Author: Tessie P Liu
Publisher: 1987.
Dissertation: Ph. D. University of Michigan
Edition/Format:   Thesis/dissertation : Thesis/dissertation : Manuscript : Microfilm   Archival Material : English
Summary:
This regional case study reinterprets the significance of small-scale rural industries for understanding the particular patterns of French industrialization during the nineteenth century. The analysis builds on the theory of "protoindustrialization" developed by Franklin F. Mendels and German researchers, Hans Medick, Jurgen Schlumbohm, and Peter Kriedte which emphasizes the origins of factory based
Document Type: Book, Archival Material
All Authors / Contributors: Tessie P Liu
OCLC Number: 68298864
Description: 487 pages

Abstract:

This regional case study reinterprets the significance of small-scale rural industries for understanding the particular patterns of French industrialization during the nineteenth century. The analysis builds on the theory of "protoindustrialization" developed by Franklin F. Mendels and German researchers, Hans Medick, Jurgen Schlumbohm, and Peter Kriedte which emphasizes the origins of factory based industrialization in the export-oriented rural handicraft trades of seventeenth and eighteenth centuries.

Southern Anjou is a classic case of a protoindustrial region which failed to become an important center for large scale and mechanized textile industry. However, contrary to the current historiography which expects the demise of rural manufacturing after the 1850s, in the so-called "de-industrialization of the countryside," household producers adapted and reoriented labor intensive manufacturing towards new consumer markets which were an integral part of modern industrial societies. Thus the persistence.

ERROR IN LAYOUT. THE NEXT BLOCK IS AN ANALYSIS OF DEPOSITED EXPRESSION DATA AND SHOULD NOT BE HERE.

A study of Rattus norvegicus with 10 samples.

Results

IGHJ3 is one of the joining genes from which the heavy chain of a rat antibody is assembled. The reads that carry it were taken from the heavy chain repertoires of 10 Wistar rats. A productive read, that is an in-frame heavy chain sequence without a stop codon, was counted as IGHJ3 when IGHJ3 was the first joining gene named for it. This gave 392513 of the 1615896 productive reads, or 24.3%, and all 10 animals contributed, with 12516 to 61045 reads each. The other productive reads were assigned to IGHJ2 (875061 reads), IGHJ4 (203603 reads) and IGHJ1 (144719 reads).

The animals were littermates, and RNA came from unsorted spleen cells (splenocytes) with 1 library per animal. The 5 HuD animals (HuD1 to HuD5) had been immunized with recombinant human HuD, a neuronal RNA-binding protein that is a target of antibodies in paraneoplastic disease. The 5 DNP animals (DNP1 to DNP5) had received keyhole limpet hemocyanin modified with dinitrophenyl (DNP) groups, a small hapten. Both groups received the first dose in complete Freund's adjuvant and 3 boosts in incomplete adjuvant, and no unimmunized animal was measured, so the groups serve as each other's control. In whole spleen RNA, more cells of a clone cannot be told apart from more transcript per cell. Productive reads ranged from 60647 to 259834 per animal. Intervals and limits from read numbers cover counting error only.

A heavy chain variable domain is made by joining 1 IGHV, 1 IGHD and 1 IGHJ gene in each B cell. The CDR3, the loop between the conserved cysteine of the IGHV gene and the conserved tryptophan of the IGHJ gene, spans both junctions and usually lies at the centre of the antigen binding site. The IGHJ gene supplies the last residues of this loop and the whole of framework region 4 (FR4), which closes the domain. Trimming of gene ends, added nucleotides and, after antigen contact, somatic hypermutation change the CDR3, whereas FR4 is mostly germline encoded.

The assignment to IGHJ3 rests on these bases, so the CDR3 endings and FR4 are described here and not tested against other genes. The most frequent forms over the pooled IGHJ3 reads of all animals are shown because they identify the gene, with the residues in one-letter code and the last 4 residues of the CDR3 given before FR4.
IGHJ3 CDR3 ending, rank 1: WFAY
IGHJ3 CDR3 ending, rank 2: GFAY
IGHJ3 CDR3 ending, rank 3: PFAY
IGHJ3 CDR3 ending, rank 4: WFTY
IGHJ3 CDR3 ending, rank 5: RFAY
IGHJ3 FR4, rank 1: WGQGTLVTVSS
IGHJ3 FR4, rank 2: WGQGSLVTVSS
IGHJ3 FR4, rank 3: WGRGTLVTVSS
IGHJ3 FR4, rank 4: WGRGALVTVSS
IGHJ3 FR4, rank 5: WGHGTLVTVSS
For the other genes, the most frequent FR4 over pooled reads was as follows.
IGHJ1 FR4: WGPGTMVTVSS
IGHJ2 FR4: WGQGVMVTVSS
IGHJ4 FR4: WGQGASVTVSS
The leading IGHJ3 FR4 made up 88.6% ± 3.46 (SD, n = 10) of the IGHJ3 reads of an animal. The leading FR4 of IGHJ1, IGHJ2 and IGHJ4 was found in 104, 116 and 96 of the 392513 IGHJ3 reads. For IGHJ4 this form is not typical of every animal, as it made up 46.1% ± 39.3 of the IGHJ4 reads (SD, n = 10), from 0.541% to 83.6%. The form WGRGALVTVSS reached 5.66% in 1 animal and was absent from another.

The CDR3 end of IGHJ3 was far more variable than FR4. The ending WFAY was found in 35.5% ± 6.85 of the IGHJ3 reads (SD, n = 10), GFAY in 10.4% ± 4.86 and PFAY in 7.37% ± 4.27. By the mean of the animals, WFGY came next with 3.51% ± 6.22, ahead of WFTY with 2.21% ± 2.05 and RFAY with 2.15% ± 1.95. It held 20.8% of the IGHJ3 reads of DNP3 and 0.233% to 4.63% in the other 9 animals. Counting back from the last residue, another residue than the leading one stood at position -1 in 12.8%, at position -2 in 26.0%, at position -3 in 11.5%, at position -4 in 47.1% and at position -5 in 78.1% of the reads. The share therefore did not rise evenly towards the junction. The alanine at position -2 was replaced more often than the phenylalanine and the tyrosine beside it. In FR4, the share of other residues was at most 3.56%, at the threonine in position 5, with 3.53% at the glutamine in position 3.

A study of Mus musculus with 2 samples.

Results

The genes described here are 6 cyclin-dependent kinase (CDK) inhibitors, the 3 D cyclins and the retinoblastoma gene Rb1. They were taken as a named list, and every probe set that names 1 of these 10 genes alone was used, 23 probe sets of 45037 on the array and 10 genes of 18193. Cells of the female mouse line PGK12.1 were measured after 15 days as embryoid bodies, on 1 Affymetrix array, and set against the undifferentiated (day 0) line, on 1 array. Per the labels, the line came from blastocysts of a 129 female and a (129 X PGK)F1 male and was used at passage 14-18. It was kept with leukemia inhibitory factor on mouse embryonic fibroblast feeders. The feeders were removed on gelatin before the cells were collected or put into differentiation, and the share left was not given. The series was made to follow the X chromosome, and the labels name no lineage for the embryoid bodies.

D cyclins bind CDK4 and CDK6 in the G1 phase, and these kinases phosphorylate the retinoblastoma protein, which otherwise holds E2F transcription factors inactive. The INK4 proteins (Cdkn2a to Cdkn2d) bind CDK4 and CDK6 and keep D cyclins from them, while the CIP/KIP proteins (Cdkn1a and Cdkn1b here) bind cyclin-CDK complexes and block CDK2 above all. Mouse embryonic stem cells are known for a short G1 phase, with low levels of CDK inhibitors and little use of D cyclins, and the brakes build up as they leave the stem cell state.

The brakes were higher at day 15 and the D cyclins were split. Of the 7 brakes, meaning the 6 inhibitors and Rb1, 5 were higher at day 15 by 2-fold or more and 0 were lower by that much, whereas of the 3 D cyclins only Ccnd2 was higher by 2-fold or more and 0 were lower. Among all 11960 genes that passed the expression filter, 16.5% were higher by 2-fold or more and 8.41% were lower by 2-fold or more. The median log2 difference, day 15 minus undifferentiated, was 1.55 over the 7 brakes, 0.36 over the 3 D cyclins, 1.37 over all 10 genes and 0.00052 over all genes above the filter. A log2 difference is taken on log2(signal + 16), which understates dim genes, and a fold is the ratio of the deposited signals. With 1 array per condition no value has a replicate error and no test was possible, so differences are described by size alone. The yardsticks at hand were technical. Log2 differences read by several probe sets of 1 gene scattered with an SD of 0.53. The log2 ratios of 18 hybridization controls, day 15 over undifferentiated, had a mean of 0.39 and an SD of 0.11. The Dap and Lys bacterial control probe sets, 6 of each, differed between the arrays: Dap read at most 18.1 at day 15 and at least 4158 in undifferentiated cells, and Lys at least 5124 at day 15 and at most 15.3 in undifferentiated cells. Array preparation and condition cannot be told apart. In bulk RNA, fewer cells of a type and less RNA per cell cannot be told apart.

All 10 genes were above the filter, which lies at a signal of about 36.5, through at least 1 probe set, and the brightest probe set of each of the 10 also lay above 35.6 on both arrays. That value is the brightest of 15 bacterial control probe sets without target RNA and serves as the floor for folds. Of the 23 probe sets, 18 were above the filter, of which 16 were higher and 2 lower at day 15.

Of rural handloom weaving and the expansion of outwork in the shoe and garment trades in the late nineteenth century cannot be attributed to a failure to innovate. Other factors influencing the choice of technology, such as the structure of product markets and the nature of local labor makets are examined.

Most recent studies of technological dualism in France stress the importance of luxury production, my research shows that home workshops and hand labor were prevalent in the mass production of common grade goods as well. I call this phenomenon the "sweated alternative" to the factory system, where the availability of cheap labor discouraged entrepreneurs from investing in labor saving machinery and in more centralized forms of production. The new sweated trades in the late nineteenth century were based.

On a transformed artisanal family economy dating back to the protoindustrial era. Drawing on the techniques of family history and women's history to understand the nature of household production, this analysis pays particular attention to the role of gender hierarchies in the creation of cheap labor. The type of rural manufacturing examined in this study reminds us that there is impoverished underside to a modern affluent society.